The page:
Project Description

St Anne's Community Service Logo - Michael

Michael was studying Psychology at Hull University when he started gaining an interest in Social Work. After finishing his BA (Hons) he sought out work experience to see if it really was his ‘calling’, before returning to education to train to be a Social Worker.

Enter Michael to St Anne’s. Michael successfully gained a position in Leeds Floating Outreach Support Team in 2015. This role gave Michael contact with ten clients each week, supporting them to read their mail, reply to correspondence, and support with shopping and cooking. In 2015 each member of the Floating Outreach Team had only a four-hour slot every six weeks to update by hand case notes – no mean feat! Michael said:

“At the time I was writing about the clients; updating their case files and care plans but this was without them and a while after the event. They were just not included".

“I decided not long after doing this job that it was the Client outcomes I loved achieving and knew then that Social Work actually was not right for me”.

Moving forward six months, Michael was allocated a client who did not enjoy engaging with people but loved XBox and all things tech. Alongside this St Anne’s recognised that the digital capabilities across the organisation needed to be improved and Tech Champions were created to share information across the geographically dispersed teams. Michael was volunteered by his line manager as someone who was more IT capable.

Growing up with IT, Michael describes the training offer as “Somewhat under-whelming” but was very pleased when St Anne’s moved to Microsoft 360, as he had decided to research its capabilities in his own time – so he was one step ahead. This personal development and interest led to Michael’s ‘ah-ha’ moment, as he realised that the tools Microsoft 360 provided would be an excellent way to engage with his client, who only really wanted to play XBox.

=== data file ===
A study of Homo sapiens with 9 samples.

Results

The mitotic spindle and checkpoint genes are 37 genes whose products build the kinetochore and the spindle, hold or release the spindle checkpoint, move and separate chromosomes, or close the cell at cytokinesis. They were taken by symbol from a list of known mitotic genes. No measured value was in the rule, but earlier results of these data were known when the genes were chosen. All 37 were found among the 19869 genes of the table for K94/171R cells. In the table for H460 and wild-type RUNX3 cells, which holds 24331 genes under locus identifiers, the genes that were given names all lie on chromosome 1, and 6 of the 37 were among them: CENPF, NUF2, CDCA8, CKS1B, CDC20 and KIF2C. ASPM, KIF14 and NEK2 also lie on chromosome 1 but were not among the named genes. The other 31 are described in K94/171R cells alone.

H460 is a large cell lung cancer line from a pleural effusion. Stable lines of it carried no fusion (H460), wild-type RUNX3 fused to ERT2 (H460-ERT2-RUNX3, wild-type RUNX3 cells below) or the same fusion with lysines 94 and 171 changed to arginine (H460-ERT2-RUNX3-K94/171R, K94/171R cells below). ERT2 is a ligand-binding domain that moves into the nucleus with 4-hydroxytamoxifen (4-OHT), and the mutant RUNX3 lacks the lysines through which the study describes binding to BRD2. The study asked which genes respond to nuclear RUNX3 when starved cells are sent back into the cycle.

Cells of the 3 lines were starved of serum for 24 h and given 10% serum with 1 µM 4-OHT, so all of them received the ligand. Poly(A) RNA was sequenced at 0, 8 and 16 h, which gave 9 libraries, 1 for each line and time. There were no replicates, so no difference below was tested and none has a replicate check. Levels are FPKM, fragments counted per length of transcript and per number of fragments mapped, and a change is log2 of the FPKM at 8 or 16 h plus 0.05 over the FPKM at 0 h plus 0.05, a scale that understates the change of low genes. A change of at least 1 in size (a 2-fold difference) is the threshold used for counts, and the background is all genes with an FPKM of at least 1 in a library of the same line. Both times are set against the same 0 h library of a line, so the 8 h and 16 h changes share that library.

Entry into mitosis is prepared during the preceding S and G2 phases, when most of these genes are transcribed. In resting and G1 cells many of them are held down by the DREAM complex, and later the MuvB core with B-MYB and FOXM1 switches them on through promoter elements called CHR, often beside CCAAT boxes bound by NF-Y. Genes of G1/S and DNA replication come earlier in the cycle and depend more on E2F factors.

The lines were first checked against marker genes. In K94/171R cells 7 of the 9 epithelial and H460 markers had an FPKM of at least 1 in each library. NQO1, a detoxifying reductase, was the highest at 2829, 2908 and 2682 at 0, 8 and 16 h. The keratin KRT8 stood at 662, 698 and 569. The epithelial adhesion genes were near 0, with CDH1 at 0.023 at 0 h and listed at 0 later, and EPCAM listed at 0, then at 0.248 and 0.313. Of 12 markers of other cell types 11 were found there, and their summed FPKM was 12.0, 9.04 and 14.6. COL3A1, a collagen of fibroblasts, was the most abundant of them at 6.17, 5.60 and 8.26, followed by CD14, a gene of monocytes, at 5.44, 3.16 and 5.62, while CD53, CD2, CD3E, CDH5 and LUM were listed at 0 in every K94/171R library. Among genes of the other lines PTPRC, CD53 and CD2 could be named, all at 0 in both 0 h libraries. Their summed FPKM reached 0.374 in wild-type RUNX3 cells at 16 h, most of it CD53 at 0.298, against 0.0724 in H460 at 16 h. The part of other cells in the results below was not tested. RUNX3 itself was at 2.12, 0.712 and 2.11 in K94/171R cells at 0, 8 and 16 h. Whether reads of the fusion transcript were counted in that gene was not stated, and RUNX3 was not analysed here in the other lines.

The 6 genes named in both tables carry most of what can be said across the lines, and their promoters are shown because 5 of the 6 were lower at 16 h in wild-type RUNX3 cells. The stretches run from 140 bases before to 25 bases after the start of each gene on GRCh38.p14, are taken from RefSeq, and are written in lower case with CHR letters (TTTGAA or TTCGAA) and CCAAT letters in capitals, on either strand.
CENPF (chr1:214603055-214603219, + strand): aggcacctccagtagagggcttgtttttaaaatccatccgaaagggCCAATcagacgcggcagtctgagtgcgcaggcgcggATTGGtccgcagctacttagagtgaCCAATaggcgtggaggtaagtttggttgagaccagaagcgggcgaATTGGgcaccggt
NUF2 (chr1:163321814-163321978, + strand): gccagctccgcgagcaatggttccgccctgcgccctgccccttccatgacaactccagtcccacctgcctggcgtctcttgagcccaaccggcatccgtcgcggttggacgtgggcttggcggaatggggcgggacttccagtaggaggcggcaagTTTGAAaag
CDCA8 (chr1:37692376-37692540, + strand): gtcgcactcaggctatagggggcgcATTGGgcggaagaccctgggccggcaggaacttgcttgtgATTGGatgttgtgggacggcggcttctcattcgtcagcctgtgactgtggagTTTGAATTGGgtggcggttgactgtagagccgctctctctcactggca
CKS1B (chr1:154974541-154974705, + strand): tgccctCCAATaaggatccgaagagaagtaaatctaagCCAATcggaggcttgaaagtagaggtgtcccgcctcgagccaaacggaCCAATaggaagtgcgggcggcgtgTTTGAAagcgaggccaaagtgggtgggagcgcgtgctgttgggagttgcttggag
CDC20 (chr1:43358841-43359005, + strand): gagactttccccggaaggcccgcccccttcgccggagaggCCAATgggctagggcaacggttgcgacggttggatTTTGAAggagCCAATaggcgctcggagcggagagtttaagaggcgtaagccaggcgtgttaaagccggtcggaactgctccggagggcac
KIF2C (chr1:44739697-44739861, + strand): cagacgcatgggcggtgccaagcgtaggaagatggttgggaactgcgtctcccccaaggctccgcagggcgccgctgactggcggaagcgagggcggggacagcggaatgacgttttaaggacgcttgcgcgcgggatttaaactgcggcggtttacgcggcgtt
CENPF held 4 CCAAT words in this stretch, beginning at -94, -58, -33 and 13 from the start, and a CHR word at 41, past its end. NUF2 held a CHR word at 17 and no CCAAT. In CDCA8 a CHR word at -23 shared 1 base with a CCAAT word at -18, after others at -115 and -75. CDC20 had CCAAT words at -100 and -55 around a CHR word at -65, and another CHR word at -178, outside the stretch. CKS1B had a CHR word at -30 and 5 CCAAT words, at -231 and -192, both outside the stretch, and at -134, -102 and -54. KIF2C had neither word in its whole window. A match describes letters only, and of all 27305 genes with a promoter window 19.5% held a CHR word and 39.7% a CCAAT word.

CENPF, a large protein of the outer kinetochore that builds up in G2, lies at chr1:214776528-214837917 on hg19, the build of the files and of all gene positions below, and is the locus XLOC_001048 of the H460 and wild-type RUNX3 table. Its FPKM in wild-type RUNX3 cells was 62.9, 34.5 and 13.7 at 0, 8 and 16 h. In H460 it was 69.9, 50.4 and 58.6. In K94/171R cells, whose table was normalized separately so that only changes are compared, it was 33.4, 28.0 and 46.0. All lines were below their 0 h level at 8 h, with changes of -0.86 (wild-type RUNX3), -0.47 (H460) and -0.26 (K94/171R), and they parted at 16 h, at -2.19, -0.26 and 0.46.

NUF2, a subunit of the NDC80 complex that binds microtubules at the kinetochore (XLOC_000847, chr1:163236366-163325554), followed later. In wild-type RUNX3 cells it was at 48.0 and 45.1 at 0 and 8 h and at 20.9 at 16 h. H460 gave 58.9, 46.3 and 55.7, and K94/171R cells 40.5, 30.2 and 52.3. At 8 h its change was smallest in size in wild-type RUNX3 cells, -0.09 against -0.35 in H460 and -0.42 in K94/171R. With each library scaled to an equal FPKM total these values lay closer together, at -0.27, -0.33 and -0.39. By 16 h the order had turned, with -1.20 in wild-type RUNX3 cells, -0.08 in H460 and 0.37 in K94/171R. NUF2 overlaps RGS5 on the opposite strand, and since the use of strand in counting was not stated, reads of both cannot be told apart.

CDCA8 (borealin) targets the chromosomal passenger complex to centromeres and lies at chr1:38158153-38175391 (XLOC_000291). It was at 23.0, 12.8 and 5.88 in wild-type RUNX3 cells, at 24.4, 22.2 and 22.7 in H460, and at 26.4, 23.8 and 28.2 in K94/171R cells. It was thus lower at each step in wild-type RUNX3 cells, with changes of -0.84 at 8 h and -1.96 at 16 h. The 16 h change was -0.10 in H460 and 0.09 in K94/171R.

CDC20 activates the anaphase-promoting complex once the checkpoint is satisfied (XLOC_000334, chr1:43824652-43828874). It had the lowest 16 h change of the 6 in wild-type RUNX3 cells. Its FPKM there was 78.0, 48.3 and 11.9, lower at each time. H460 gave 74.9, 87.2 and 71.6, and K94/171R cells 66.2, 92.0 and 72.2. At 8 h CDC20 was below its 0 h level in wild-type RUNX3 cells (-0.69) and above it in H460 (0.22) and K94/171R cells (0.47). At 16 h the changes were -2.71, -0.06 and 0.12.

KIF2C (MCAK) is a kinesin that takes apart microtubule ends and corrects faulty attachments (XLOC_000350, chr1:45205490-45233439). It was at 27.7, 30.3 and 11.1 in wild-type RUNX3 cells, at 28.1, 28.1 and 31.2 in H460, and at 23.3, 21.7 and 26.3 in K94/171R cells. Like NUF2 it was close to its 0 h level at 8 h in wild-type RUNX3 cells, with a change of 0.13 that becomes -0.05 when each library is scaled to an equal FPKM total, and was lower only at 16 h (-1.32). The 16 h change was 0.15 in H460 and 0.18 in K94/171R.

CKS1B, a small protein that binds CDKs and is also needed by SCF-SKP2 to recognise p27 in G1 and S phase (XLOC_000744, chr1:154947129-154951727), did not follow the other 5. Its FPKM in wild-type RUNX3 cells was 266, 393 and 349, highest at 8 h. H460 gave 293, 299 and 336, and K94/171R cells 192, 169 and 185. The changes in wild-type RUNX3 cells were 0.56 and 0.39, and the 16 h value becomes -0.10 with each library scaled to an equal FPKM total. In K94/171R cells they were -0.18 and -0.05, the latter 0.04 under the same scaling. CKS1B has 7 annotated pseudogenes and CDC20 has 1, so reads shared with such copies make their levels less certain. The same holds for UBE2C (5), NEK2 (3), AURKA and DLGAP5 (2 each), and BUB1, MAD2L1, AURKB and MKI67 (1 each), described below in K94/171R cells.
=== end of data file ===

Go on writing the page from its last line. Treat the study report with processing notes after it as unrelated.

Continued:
Michael took a tablet, offered to the Tech Champions, and talked with his client about building his own (Care) Plan. Michael said: “We went from daily notes, to communicating with his parents, to updating and amending needs. It was instantaneous, it was a great way to work with my client and actually most of it was about him, for him and by him.”

Michael took this format, and with his line manager rolled it out to three clients, then ten… then thirty. Interest grew and St Anne’s Senior Management wanted to know more. Michael and his client sat with the Operations Director and showed how the online tool worked; “Not only had the client taken leaps and bounds forward in his ability to engage with others, but he was teaching our Op’s Director how to write a client-centred, digital, live care plan!”, Michael said.

This set the stage set for the roll out to 180 clients and Michael moved into being a part-time Support Worker and part-time Administrator. Undertaking this position for one -year gave Michael the foot in both camps approach to building a tool that was truly fit for purpose. During this period Michael trained to be Microsoft Accredited in OneNote.

By 2017 Michael was promoted to manage the STARRS (St Anne's Real-Time Records System) as Project Lead, with a mission to take St Anne’s entire workforce forward into digital case recording. Michael’s goal was to ensure the teams not only understood how to use the system, but how to integrate it into client work, allowing clients to take back the control of their care planning.

Today, Michael is the newly appointed Digital Improvement Lead for St Anne’s, six years on he is PRINCE2 qualified, still undergoing CPD - and is responsible for driving the quality and improvement of information technology for client benefit across a workforce 1300 strong. Michael said: “I want care plans to be engaging, with clients and wherever possible by clients, and save the trees at the same time! Both things had to be achieved, it just needed someone to work out how to do it!”.

Michael now focuses on how we can reduce our administrative burden at the frontline so that Support Workers can spend more time supporting clients to achieve outcomes rather than documenting them.